TCM’s Dynamic Dames–A brilliant book on film and character

Review by C.J. Bunce

This month, a new book examining what makes a great character also takes an in-depth look at Hollywood and film from the silent picture era to today.  It’s Turner Classic Movies/TCM′s latest book on film, Dynamic Dames: 50 Leading Ladies Who Made History I previously reviewed film historian Sloan De Forest′s Must-See Sci-Fi: 50 Movies That Are Out of This World here at borg, a fun read and a fun list that is more a celebration of pop culture than film school companion.  De Forest seems to have far more passion for her next subject, selecting a masterful list of 50 women worth reading about–and worth seeing their films.  She also connects the dots between actors, their characters, and their personal lives in a way you’ve probably not seen before.  In one word, Dynamic Dames is brilliant.

Everyone reading anyone else’s list of 50 people of any pursuit will have quibbles along the way, but De Forest shows an impressive knowledge of film and delivers.  Not only a selection of 50 worthy actors–she doesn’t select the roles most movie critics flock to and rave about–she also finds those finer, more nuanced performances where these Dynamic Dames probably should have scored their Oscars.  She also divides the book into eight sections and finds perfect examples that exemplify each section, from Pre-Code Bad Girls, to Big Bad Mamas, Women of Mystery, and Strong Survivors.  A category not possible until more recently, Superheroines, rounds out the list, and although the performances have not had much of a chance to steep from a historical standpoint, De Forest provides solid rationale for them all.

Authors of a book like this typically will reserve a small percentage of the list for modern readers to have something to be attracted to, but that’s not the case here.  De Forest actually embraces recent films, pulling in more than 20 percent of her list from characters appearing in 21st century films.  Most of her rationale for each of these more recent actors and corresponding characters justifies their inclusion, comparable in performance, significance, and influence, to the film greats any movie buff would expect to find on this list.  She also ties in some of cinema’s–and literature’s–best women writers; it should be no surprise that many of these outstanding characters in film over the course of 92 years resulted from great women writers of the 19th and 20th century, including Charlotte Brontë, Agatha Christie, and J.K Rowling.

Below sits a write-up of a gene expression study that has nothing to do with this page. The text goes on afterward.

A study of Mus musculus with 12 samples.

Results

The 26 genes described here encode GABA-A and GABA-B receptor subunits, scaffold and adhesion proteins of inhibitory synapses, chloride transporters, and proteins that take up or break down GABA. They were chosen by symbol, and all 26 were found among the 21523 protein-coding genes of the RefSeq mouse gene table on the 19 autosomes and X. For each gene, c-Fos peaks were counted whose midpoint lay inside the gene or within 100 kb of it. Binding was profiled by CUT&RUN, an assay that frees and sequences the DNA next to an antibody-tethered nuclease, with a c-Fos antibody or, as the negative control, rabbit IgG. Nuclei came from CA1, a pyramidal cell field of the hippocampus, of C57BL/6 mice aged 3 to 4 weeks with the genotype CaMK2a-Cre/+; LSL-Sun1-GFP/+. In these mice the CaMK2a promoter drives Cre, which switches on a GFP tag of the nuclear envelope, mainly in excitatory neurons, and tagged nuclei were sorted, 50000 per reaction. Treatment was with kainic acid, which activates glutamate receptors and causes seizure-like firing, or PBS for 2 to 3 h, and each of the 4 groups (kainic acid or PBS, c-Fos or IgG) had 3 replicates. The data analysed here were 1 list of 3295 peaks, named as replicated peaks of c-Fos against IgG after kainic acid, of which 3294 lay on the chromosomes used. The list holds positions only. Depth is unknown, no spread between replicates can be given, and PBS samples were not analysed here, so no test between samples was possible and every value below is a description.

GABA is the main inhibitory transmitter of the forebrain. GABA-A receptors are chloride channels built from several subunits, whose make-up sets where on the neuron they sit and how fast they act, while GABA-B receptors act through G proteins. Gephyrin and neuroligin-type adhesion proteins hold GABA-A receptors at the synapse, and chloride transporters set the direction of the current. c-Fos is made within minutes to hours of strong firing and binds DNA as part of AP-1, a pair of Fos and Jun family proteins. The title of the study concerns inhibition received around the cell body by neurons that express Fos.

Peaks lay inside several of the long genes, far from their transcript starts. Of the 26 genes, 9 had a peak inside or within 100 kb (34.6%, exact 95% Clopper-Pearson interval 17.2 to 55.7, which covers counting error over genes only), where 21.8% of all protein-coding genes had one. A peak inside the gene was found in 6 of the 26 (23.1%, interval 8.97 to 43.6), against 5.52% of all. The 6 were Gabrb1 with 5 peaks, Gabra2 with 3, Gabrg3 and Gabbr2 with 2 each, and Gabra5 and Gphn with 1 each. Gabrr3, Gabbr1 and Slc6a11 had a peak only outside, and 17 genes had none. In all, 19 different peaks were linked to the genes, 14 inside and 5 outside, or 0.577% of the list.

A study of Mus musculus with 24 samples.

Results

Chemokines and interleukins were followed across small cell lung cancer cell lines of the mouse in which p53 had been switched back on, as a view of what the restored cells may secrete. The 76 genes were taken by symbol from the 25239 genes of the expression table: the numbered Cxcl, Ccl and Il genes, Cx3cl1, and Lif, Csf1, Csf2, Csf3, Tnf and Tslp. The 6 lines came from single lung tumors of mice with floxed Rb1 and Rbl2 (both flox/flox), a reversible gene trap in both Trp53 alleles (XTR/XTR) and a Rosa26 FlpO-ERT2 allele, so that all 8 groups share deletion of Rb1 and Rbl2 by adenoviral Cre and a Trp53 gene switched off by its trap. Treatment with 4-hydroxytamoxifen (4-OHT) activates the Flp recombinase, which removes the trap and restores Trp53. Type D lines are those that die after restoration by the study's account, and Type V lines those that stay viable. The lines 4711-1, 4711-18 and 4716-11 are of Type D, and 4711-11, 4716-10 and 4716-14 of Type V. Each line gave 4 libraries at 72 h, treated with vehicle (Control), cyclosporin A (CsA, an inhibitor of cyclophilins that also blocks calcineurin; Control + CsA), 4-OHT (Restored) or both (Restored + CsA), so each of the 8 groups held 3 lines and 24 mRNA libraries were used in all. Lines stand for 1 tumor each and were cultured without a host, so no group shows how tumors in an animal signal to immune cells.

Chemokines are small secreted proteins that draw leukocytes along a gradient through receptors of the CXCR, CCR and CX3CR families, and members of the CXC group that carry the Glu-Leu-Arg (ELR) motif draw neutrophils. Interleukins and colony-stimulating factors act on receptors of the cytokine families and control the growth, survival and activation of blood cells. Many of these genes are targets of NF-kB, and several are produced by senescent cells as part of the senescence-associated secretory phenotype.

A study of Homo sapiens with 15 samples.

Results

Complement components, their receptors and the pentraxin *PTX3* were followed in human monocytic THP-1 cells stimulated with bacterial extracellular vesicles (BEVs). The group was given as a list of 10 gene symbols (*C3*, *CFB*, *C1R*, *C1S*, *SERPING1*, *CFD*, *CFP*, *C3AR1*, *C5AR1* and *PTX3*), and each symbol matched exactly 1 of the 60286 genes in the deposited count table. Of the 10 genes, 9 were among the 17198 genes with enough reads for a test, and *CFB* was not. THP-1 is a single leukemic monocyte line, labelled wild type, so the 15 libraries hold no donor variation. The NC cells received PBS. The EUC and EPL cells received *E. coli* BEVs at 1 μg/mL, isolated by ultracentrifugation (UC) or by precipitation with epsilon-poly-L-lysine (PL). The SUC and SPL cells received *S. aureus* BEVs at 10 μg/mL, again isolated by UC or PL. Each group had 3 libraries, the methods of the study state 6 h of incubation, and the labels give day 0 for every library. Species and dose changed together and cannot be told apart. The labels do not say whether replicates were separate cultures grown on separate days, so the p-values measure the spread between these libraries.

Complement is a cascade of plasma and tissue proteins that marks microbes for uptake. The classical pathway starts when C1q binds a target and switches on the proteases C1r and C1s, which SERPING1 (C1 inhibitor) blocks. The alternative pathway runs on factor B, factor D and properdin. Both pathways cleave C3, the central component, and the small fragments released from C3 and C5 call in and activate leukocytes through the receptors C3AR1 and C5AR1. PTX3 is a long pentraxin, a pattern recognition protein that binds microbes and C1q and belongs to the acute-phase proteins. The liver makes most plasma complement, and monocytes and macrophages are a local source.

The book’s thesis–strong women characters and the great actors behind them are nothing new to Hollywood–is pressed even further.  In an appendix the author provides a list of references to 56 additional also-ran selections, seven in each of her categories.  Although the 50 she went with in the book were far better picks (the additional 56 don’t come close to the performances and roles of the 50 featured), all 106 movies make for good suggestions of women to watch, then and now, and movies to follow up on for any movie buff.

De Forest elaborated about her book in a TCM interview this month, “Most people I talk to seem to think today must be the best time for dynamic female characters.  While it’s true we do have Wonder Woman and Captain Marvel and Katniss Everdeen, those are like one movie per year.  In the 1930s and ’40s, about half of the major films starred women in the leading role–and they were often powerful women in control of their lives.  Think of the characters typically played by Barbara Stanwyck, Bette Davis, and Joan Crawford.  Many of them could go toe to toe with Captain Marvel, for my money! …actresses who were big moneymaking stars had tremendous power.  In the book, I point out that Mae West wrote her own scripts; Barbara Stanwyck collaborated on the story for Baby Face; Garbo hired her friend Salka Viertel to write Queen Christina and selected the cast and director herself; Kate Hepburn demanded Spencer Tracy as her costar; Myrna Loy went on strike at MGM for a year until they gave her equal pay with William Powell…  So these women were shaping their own careers, not just being forced into roles by their bosses.”

We won’t list all the women featured in the book here–a great part of the fun is the surprise of turning the next page to find an actor matched up with that great role only a discerning eye might recognize as her exemplifying role.  Even if you don’t agree with half of the selections, the commentary will provide good fodder for further discussions.

Dynamic Dames: 50 Leading Ladies Who Made History is available in hardcover with 192 pages and more than 100 photographs in black and white and color, from publisher Running Press.  It includes a foreword by Julie Newmar.  Get your copy now here at Amazon, or via TCM, or your local bookseller.  Keep an eye out at the TCM website for future airings of films from the book.  And don’t forget to check out De Forest’s Must-See Sci-Fi, plus Forbidden Hollywood, and the other TCM book we’ve reviewed here at borg, Christmas in the Movies.